Analysis & Comment

Sinead Ryan: 'This is such a great-great little country'

To my shame (not really), I once blagged a couple of tickets to a Broadway show on the basis of my name.

No, I’m not famous Stateside, or anywhere, but it was my first visit in a dial-up internet age where surfing was still something you did at the beach so pre-booking wasn’t a thing.

Tickets at Times Square Tkts kiosk were completely out of my price range, so I trooped along to the theatre in the hope there had been a late cancellation.


“So, like you know the Ryans there? That’s my great-grandmother’s family”. Amazing. I’ll definitely say hello next time I’m home. Discounted tickets, row four, parterre, secured. I’m not proud.

Some names are common as muck, as they say. Murphy, O’Connor, O’Brien and yes, Ryan. In Cork, Kelleher is reasonably well spread around, but four of them rocked up in the District Court on the same day recently having taken diverse life paths to get there.

Judge Olann Kelleher took the clever-clogs route, as did the defending solicitor Diarmuid Kelleher, along with local sergeant John Kelleher. Defendant Roy Kelleher had taken the less travelled path and found himself on the wrong side of two of the Kellehers having threatened a local man with, eh, intemperate language while under the influence of several cans of Tuborg. He was fined €200 and handed a suspended sentence by one of the Kellehers, to the satisfaction of the second, and possibly the relief of the third, with the top one pointing out to the court that none of the four were related.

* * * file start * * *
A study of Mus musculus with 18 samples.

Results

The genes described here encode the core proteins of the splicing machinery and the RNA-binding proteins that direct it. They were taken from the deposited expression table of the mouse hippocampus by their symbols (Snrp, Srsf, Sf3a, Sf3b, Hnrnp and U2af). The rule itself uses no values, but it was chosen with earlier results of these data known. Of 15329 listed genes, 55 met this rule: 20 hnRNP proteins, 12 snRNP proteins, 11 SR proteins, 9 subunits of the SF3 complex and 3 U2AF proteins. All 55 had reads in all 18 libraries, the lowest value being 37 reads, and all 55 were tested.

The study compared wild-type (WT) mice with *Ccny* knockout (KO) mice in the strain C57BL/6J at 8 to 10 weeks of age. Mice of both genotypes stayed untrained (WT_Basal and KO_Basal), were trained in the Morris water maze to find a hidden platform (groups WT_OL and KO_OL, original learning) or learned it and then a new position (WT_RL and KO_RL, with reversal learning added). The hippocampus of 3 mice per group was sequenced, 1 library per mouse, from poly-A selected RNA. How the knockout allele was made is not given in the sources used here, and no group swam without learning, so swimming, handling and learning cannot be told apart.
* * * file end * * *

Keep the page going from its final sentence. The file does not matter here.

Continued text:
Except, you know, it’s Ireland, and if you go far enough back, they’d probably find a great-great something in common.

Prince Andrew gets the welcome he deserves

It’s not easy being Billy-no-mates and while the British royal family live a strange existence, they’re used to thousands of adoring fans lining the streets when they turn out in public.

Not so Prince Andrew, who was met by just one lonely supporter when he rocked up in Oz to promote his entrepreneurial pitch@palace event. He was ushered through the empty square to nobody’s notice except a local schoolteacher who waved her flag enthusiastically. It was a stark contrast to the Sussexes’ successful tour of South Africa where the press were concentrated, so the suspicion is the palace deliberately organised Andrew’s visit while they were all busy elsewhere.

His daughter’s recent engagement apparently wasn’t enough to distract from his creepy association with deceased paedophile Jeffrey Epstein.

Royals are used to having flunkeys do their bidding. Being asked hard questions by the media isn’t what he signed up to a life of luxury for, clearly.

Families can learn a lot from Paschal

Another year, another Budget. Imagine if we managed our household finances the way Paschal Donohoe does the country’s. The family would sit down but once a year, decide how much needs to be spent on electricity, phones, food, and the other million things we’ll buy over the next 365 days, cross our fingers nothing crops up, then at the end, hand ourselves another fiver and pat ourselves on the back for a job well done.